West's anger at China's wildlife trade is hypocritical if 'ticking bomb' of NYC wet markets remain operational

Like the one in Wuhan, from where the virus is believed to have originated, New York City also has over 80 wet markets that sell live animals and slaughter them on site


                            West's anger at China's wildlife trade is hypocritical if 'ticking bomb' of NYC wet markets remain operational
(Getty Images)

Several wildlife conservationists have recently spoken up against “wildlife wet markets” amid the coronavirus outbreak. The voices from these animal rights activist groups, like the Humane Society of the United States, People for the Ethical Treatment of Animals, and Animal Wellness Action, have recently come to put pressure on China to close the wet markets, like the one in Wuhan, where the novel coronavirus is believed to have originated.

Many famous personalities and stars, including Lara Trump, comedian Ricky Gervais, Paul O’Grady, wildlife hosts Michaela Strachan and Philippa Forrester and reality star Pete Wicks, have come together to call for an immediate ban on these animal markets.

Gervais recently said: “For the sake of people and animals, wildlife trade and consumption has to end, now. We can’t carry on exploiting animals, eating wildlife and trashing the planet. The wildlife trade and markets have to close, otherwise, it will be a case of when, and not if, we have another global pandemic.”

He also urged world leaders to take a stand. “How bad does this have to get before you close down Indonesia’s extreme animal markets that pose the exact same risk as to the wildlife wet markets in Wuhan, China?”

The comment from the 58-year-old came after he saw pictures from different Indonesian markets in North Sulawesi taken by Sunday Mirror showing reptiles and bats being sold, and dogs being tortured to death.

However, the irony of West's anger against Asian countries like China and Indonesia for their ‘wet markets’ is that many wet markets, where animals are sold live and slaughtered onsite, function unimpeded in many cities in US and Europe, prime example being New York City’s wet markets that are still functioning.

The most populous city of the United States has over 80 wet markets that sell live animals to the public and slaughter them on-site, an investigative report by animal rights organization PETA, revealed.

According to the organization’s report, these markets sell and slaughter a variety of species including goats, sheep, chickens, guinea hens, rabbits, pigeons, muscovy ducks, and quail, for human consumption. It also revealed that for three years, public health and animal protection advocates have urged the NYC department of health to ban the city’s wet markets. However, no action has been taken yet as the officials are turning a blind eye to the well-documented health code violations.

“The NYC Department of Health claims that it has no regulatory authority over these markets and defers to NY State Department of Agriculture & Markets, but state health officials have told me that these wet markets are never inspected unless they receive numerous complaints,” Bonnie S. Klapper, a New York City-based attorney working on several cases involving animal agriculture, told Their Turn, a site that produces short videos documenting the animal rights movement.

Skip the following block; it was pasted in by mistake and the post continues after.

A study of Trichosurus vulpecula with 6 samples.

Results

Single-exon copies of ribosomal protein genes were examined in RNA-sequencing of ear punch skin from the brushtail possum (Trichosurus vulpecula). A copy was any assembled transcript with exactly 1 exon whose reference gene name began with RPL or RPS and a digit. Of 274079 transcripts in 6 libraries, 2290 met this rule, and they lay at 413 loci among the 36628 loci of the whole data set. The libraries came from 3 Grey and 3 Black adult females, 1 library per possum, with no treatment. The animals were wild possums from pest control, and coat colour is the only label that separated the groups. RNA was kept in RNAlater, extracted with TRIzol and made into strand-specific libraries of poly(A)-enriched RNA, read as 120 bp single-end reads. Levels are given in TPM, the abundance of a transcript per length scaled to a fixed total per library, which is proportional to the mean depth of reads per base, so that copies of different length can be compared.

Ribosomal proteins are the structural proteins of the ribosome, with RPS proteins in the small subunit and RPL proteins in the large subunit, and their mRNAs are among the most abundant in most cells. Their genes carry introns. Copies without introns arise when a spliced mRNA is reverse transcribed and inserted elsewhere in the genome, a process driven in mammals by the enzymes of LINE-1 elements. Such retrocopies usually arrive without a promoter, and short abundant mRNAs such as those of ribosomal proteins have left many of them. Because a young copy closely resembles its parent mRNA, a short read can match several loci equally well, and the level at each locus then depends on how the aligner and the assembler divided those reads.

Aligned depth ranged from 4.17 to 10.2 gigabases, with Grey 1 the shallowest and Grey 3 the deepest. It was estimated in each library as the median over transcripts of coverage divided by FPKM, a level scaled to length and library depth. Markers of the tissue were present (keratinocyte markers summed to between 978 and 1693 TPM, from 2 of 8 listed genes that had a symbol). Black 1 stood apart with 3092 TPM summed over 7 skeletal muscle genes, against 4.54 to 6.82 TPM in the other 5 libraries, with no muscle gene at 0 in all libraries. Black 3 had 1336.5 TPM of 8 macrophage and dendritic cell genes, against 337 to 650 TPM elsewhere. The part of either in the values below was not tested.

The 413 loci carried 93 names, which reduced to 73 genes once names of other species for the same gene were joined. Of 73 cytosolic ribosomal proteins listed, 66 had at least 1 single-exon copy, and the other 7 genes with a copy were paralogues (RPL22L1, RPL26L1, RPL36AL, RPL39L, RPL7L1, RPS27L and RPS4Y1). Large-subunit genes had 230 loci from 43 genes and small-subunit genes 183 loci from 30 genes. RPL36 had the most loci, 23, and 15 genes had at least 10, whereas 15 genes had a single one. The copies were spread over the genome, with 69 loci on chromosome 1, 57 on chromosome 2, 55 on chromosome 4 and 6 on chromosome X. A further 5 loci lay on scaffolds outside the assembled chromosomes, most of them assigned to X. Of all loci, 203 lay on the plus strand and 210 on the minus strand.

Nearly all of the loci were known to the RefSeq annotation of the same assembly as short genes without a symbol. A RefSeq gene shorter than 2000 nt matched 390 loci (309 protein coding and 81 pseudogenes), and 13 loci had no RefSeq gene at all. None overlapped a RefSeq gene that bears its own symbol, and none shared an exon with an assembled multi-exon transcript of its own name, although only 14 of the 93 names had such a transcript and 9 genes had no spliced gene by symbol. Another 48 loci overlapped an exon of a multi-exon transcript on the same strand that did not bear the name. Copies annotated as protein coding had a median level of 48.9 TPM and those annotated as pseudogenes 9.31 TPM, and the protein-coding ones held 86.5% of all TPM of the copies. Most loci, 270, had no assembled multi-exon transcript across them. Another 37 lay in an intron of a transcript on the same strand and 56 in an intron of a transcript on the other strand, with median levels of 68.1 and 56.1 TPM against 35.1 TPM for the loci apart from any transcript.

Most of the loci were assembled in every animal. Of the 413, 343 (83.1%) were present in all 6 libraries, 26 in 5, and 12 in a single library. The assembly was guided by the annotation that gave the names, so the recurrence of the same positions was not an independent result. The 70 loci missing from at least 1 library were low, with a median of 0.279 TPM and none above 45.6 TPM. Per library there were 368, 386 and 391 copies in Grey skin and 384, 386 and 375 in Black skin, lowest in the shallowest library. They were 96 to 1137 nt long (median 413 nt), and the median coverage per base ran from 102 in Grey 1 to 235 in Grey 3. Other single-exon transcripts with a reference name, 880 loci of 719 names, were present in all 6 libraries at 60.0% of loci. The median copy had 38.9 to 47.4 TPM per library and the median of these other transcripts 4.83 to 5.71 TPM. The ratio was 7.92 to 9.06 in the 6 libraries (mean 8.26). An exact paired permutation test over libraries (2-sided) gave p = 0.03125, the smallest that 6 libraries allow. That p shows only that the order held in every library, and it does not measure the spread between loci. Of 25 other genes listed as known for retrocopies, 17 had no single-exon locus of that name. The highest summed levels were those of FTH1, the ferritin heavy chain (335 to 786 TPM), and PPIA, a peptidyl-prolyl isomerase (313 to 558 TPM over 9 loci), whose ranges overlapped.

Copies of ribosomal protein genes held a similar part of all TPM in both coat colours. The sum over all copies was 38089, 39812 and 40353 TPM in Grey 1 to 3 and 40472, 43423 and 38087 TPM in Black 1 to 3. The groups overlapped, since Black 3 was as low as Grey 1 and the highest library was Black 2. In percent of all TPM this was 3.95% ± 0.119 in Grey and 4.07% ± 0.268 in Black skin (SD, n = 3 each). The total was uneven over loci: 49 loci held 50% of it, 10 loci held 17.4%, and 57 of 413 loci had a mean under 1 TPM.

Jill Carnegie, a co-organizer with Slaughter Free NYC, has called the NYC’s wet markets a “ticking bomb”. “If avian flu or another infectious disease is transmitted to just one human, it could spread very rapidly in New York City and beyond, as we have seen with COVID-19,” she said.

The worrying part about these markets is that most of them are close to schools, parks, and residential neighborhoods. Every day, thousands of animals are brought in from other states’ factory farms to the city and often denied food and water before their throats are slit open.

PETA has also started a petition to shut down the live-animal markets in New York City, which has already garnered more than 38,000 signatures.

“These markets are perfect breeding grounds for zoonotic diseases—like avian and swine flu, coronaviruses, and others—which can jump from various other species to humans, since stressed, injured, and sickly animals are commonly caged in public areas where feces, blood, and offal can contaminate buyers and sellers, who can track them into restaurants and homes,” the petition said.

“Closing off these sources of infectious diseases is an absolute necessity in order to help prevent future outbreaks. Please help protect animals and stop the next pandemic at its source by immediately shuttering New York City's live-animal markets. Thank you,” it added.

Meanwhile, Edie Falco has also called on New York City to ban all live animal markets and slaughterhouses amid the COVID-19 pandemic. The 56-year-old 'Soprano' actress, who is also PETA representative, sent a letter to Mayor Bill de Blasio, comparing the city’s live poultry shops to the wet markets of Wuhan.

“As a New Yorker and an honorary PETA director, may I urge you to take whatever action is necessary to effect the immediate and permanent closure of all live-animal markets in our city? That step could be pivotal in stopping other deadly viruses from ever jumping to humans,” the actress wrote.

“We need your decisive leadership on this life-or-death issue. You are uniquely positioned to help stop future pandemics and set an example for other leaders by closing the city’s live-animal markets immediately,” she added in the letter.